Thursday, July 10, 2008

The Movies of My Childhood: Captain Sindbad


Earlier this week, Turner Classic Movies showed a handful of Sinbad movies, including the 1963 King Brothers production, Captain Sindbad (This German production for some reason adds an extra "d" to the title character's name). I have strong memories of my mother taking me to see this movie as a matinee at a local theater that showed older kids-fare like this during the summer. And it was a movie that freaked me out at the age of 5 or 6, and in watching it again for the first time in 30+ years, I was still freaked out. The movie gets a bad rap for its special effects, but I still find them charming, and they certainly did a lot to spark my imagination as a kid.

The film stars Guy Williams, an actor who was ubiquitous in my childhood, through reruns of Zorro and Lost in Space. As he was in Zorro, Williams is incredibly charismatic as Sindbad, and he contributes to the overall sense of fun in the film.

Here's a link to the trailer on TCM's website. This trailer really does the film justice, highlighting the most crazy and imaginative stuff that happens in this movie, including the wizard Galgo being tortured by having his head spun around, the fist of danger, the invisible monster, the giant crocodiles, and the hydra-like ogre monster. Also, you can find nice image collections from the film here and here.

One of the craziest ideas in the movie involves the villain, El Karim. At one point in the film, El Karim captures Sindbad and goads the hero into taking a shot at him with his sword. When Sindbad stabs El Karim, the sword goes right through his chest, and El Karim just laughs it off. It turns out that El Karim cannot be killed conventionally, as his heart is sealed in a crystal and stored at the top of a tower surrounded by many dangers. (The heart actually looks like a beating, glowing stuffed valentine.) Also, the crystal is guarded by a giant hand that Sindbad has to fight, which is pretty much the greatest part of this movie. As Sindbad approaches, the hand gets up on its wrist, raises its index finger, and shakes back and forth. As you can imagine, these things like the giant hand and El Karim's disembodied heart contributed to the freaking out of young Dr. K.

This is an awesome movie that never lets up, with one crazy idea after another, as you can see in the trailer. I also have in my comics collection the Gold Key Movie Comics adaptation. The comic, however, takes a lot of liberties with the film's plot, though it does capture the film's spirit. The main changes come with the types of creatures Sindbad fights. Artist Russ Manning includes more mythologically based creatures, like minotaurs and chimaerae, that aren't included in the film.


The movie also does not feature any giant ants:
Or an elephant stampede when Sindbad defeats the invisible monster in the arena:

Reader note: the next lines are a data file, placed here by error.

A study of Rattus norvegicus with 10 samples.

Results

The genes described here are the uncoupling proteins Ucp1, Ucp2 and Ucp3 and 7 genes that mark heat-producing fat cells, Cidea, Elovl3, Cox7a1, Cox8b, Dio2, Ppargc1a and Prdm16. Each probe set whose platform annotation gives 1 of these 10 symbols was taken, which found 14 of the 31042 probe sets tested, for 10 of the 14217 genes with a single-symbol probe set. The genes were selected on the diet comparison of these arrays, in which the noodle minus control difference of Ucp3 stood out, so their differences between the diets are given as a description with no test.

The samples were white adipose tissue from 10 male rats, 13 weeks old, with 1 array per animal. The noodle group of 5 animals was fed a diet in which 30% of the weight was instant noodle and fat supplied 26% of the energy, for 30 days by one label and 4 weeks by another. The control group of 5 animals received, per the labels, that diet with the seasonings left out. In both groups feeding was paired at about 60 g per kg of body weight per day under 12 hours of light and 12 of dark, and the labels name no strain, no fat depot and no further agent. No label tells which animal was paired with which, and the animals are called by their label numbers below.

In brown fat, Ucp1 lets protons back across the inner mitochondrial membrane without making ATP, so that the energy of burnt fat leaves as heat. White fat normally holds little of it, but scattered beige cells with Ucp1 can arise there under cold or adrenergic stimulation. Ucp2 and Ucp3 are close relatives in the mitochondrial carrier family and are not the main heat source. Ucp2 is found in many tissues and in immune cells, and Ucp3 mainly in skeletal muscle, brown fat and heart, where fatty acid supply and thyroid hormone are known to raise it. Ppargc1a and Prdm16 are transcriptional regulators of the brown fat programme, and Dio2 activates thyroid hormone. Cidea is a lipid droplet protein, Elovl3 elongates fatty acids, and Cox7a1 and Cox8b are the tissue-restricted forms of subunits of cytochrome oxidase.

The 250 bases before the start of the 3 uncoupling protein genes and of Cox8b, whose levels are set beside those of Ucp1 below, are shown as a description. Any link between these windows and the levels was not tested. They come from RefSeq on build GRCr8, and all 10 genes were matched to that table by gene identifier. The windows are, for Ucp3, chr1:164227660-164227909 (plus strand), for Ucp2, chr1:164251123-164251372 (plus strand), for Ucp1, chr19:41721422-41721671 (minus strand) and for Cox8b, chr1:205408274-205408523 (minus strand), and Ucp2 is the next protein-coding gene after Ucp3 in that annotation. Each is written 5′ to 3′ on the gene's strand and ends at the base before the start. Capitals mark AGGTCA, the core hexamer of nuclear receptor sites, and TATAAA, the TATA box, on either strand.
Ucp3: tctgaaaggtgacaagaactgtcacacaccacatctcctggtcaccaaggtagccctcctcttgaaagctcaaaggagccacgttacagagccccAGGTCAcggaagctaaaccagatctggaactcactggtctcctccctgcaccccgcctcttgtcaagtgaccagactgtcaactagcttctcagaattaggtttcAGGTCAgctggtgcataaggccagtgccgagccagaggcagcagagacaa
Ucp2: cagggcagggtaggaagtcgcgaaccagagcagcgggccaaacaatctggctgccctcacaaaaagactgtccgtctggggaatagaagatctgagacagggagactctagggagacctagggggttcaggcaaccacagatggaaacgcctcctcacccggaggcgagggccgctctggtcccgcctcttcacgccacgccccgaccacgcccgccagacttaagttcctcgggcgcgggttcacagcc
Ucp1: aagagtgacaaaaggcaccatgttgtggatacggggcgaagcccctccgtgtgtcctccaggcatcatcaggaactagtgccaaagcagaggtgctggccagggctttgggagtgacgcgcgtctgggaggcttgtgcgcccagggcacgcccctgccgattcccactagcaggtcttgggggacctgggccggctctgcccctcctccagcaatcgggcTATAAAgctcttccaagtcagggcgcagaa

While I'm pointing out these differences, they do not necessarily make the comic version weaker than the film (though the comic does not feature the giant hand, and it leaves out the climactic battle between Sindbad and El Karim). I would argue that both the film and the comic create fairly equally awesome versions of the same story. The giant ants and minotaurs in the comic are certainly cool, but so are the giant crocodiles and the hydra-like creature in the film.

Here's a whole page of stuff that is absolutely not in the film, but it shows off Russ Manning's great art. Fans of the comic Nexus may notice the strong influence that Manning had on artist Steve Rude.


Captain Sindbad is a movie that is purely designed for kids, but it's a load of fun, and it never lets up. It's not available on DVD right now, which is a crime. I'd love to see a nice, restored version of this movie.

3 comments:

Larry M. Belmont said...

You can get Captain Sindbad on DVD via the new Warner Bros. Archive site where they offer a few hundred rare movies in a sort of DVD-on-demand service.

Michael Lundell said...

Great post on Sinbad (and blog as well!), I've added a link to it to my blog on the 1001 Nights on my page of Sinbad comic covers: http://journalofthenights.blogspot.com/2009/04/sinbad-sailor-comic-covers.html

arabiannights said...

Nice post about the comic version of the movie. I've seen the movie but was unaware of the differences between it and the comic. BTW, the film title actually used the more correct, or an earlier, spelling. Early English editions of the stories spelt the name Sindbad. Somewhere along the way the d was dropped some of the time, primarly in childrens editions I think. Check some of the Burton or Payne translations and you'll find they still use the d.
Gold Key also published a couple other Sindbad comics: The Fantastic Voyages of Sindbad, 1967.